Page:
Friday, October 31, 2014

The Babadook [A Spooky Fat Jesus Review]

I can't say that I've seen any Australian horror films. I've heard of 'Wolf Creek' and I've seen the 'SAW' short film, if those count, I suppose. This is much like me not having seen a film from New Zealand, before I watched 'Housebound.' I originally was going to do another film to close out this week of "spooky" reviews. But when I saw this, I knew I wanted to go out with reviewing it. 'The Babadook' is one of those films I've been hearing a lot about. 'The Babadook' is a pretty good watch as well. It's pretty creepy throughout and is actually a pretty great story.

'The Babadook' follows the story of single mother, Amelia (Essie Davis), after the death of her husband. He is killed as they get into a car crash on the way to the hospital to have their child. Her son, Samuel (Noah Wieseman), has been having a ton of problems dealing with the fear of a monster lurking in their home. Amelia is miserably working at a nursing home. While Samuel is struggling in his school to stay out of trouble. One night, Ameila reads a bedtime story to Samuel called, 'Mister Babadook.' Which promptly scares the hell out of the kid. The next day, Claire (Hayley McElhinney), Ameila's sister, is looking after Samuel and is disturbed by him constantly talking to "something invisible called The Babadook." One night, after Amelia finds mysterious pieces glass in her soup, the wardrobe in Samuel's room almost falls on him. She rips apart the book and then goes to bed. Things begin to grow even more tense between the two, Samuel becomes increasingly violent and strange things begin to happen to them. 'Mister Babadook' is presumed to be just a story, but Amelia and Samuel are learning otherwise firsthand.

Horror movies are supposed to be fun, they're supposed to make you go "What the f---" out loud and, most of all, they're supposed to creep you out. 'The Babadook' is one of those films that hits all of those requirements. There's some jump scares sure, but there's a genuine sense of creepiness surrounding this film and story. Mysterious figures, a terrorized family and psychological scares abound in this film. They're all done pretty well. The story is pretty original overall. It falls prey to horror cliches at times, but does a good job of keeping the viewer engaged. I always thought that children's books can be some of the creepiest things and this film reaffirms it. A creepy pop up book depicting the death of the two main characters, would creep the shit out of me as well. The acting in this is pretty good. Samuel is played well by young Noah Wieseman. You can feel the fear and apprehension as the film wears on. He's probably one of my favorite parts of the film. Amelia, played by Essie Davis, also does an outstanding job throughout as well. The mom at the end of her rope, being terrorized by a supernatural being. The dread of Amelia descending into madness is pretty fun to watch. Also, side note, the lines from Samuel are unintentionally hilarious. Whenever he starts yelling or is having a heated back and forth with someone, his child-like candor is pretty damn funny. The film clocks in at an hour and a half, but it never feels longs and I quite enjoyed myself. There wasn't really any draggy or out of place scenes either. The good use of stock footage really surprised me and the music and score are done well too.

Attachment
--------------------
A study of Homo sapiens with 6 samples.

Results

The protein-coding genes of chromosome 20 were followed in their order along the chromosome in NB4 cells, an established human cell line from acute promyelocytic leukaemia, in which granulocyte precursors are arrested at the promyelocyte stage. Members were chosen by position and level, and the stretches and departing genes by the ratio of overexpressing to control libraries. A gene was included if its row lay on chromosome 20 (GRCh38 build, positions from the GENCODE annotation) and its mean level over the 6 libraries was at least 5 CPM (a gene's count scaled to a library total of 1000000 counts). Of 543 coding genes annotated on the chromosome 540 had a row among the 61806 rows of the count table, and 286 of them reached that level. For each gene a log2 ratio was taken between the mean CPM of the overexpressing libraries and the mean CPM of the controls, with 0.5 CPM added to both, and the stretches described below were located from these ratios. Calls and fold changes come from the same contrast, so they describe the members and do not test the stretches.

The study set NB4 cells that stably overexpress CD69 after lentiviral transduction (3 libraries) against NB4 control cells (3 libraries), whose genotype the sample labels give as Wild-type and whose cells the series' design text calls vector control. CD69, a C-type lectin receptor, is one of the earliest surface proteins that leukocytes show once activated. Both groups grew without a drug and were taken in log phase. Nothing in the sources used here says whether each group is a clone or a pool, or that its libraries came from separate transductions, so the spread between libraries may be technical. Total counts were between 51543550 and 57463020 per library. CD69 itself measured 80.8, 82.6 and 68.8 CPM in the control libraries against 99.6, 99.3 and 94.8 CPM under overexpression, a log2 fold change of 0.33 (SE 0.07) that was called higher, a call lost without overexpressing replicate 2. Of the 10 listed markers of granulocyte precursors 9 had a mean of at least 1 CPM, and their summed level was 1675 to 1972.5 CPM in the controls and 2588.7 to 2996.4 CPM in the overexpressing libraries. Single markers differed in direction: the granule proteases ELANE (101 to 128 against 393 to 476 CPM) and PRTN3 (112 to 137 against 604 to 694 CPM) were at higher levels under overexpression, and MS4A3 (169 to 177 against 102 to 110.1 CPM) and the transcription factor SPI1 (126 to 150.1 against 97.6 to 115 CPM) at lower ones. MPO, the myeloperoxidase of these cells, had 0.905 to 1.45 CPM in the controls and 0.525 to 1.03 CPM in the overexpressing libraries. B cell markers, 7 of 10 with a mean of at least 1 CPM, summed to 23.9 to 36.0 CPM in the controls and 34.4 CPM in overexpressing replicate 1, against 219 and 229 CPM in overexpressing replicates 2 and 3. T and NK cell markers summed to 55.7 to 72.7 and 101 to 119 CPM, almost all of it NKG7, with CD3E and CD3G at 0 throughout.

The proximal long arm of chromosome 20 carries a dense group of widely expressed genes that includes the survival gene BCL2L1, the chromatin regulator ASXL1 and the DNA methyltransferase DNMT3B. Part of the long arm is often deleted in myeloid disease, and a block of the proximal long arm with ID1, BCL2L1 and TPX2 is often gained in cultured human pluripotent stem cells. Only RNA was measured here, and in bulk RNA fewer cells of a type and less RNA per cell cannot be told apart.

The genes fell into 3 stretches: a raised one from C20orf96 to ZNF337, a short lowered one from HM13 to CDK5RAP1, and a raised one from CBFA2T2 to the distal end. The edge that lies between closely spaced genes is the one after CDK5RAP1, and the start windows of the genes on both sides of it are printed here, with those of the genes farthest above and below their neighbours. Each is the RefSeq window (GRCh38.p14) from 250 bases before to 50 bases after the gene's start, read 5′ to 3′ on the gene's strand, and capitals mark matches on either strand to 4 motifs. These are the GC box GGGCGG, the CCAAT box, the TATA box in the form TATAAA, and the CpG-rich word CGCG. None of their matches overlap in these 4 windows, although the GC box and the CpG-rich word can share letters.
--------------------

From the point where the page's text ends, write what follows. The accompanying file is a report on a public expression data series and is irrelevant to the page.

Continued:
'The Babadook' really does live up to the praise that I've heard for it. It's one of the better horror films of the year and should be seen if you're a fan of the genre. There's a lot of psychological horror, a great story, some laughs throughout and a generally creepy feeling all around. I generally like most horror films, no matter how underwhelming they may be, but 'The Babadook' is a pretty good film all around regardless. You should check it out if you're ever in need of a spook.